Peter Michael Abbamonte
Construction of a beam line at the advanced photon source for the study of quantum frustration in condensed matter
One of the great intellectual challenges facing condensed matter physics is to understand the physics of materials that exhibit quantum frustration. Such materials have many exotic and potentially useful properties, including high-temperature superconductivity, but it is not yet possible to describe their ground states and elementary excitations within a single theory.
One example of quantum frustration is the doped Mott insulator. Conceptually, this system consists of a two-dimensional array of electron spins on a square lattice. Each spin sits on a lattice site and interacts with its neighbors via the exchange interaction, J. If J is positive, each spin will attempt to lower its energy by pointing in a direction opposite that of each of its neighbors and/or moving to an empty lattice site. Each spin is “quantum” in the sense that it need not have purely up or down spin but could be in a superposition of the two states.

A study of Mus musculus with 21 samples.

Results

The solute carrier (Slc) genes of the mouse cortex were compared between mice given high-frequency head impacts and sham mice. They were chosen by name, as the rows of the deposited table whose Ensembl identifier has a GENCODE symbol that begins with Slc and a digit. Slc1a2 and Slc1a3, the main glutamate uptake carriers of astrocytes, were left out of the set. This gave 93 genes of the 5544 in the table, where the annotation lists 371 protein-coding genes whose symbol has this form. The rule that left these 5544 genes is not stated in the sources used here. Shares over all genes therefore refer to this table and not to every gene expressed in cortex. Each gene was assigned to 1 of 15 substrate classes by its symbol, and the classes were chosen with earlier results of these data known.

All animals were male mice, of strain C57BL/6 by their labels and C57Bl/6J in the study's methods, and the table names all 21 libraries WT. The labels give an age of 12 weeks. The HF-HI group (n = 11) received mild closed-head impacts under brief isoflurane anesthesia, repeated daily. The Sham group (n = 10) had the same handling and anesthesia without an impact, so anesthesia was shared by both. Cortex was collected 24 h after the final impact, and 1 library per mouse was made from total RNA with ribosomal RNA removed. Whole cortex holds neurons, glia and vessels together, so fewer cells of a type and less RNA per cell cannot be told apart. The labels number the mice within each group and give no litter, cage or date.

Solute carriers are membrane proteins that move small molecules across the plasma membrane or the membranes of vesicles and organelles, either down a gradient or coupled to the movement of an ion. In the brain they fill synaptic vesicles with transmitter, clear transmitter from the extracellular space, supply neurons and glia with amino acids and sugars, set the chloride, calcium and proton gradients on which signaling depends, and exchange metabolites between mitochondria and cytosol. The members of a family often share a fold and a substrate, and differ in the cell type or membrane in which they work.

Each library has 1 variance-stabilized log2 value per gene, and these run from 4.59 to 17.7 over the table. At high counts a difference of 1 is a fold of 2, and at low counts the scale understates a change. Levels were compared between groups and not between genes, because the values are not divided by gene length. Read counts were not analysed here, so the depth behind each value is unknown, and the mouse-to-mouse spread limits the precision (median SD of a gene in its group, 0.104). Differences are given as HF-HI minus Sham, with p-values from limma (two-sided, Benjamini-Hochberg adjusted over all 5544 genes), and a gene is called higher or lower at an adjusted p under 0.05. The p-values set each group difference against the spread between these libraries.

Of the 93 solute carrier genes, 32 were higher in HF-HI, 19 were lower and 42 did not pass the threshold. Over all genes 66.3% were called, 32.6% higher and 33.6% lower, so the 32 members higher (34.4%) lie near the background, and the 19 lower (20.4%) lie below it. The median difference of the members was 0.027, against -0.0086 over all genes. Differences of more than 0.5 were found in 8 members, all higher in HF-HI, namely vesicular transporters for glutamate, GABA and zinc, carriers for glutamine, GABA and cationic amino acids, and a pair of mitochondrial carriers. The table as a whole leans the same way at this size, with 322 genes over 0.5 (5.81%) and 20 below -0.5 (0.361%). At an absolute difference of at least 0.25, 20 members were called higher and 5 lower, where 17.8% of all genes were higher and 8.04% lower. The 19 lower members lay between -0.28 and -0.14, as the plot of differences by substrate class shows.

This system faces the problem of quantum frustration. It is energetically favorable for an electron to move because, as a quantum object, its kinetic energy is higher if it is forced to remain localized on one site. But there are constraints on its motion: an up spin can hop to an empty site whose neighboring spins are down; but if it hops to a site whose neighbors are up, this results in frustrated bonds. Doped Mott insulators exist in real life as high-temperature superconductors, and physicists have been unable for several decades to determine the mechanism by which these systems superconduct.
Professor Abbamonte, with Professor Juan-Carlos Campuzano at the University of Illinois-Chicago, is co-leading a research effort to better understand phenomena associated with quantum frustration. His group will construct a new beam line at the Advanced Photo Source, Argonne National Laboratory. The facility will support two experimental techniques: resonant soft x-ray scattering, for detecting ordered ground states; and angle-resolved photoemission spectroscopy, for studying elementary excitations. During his Center appointment, Professor Abbamonte will oversee the critical early stages of construction and equipment calibration.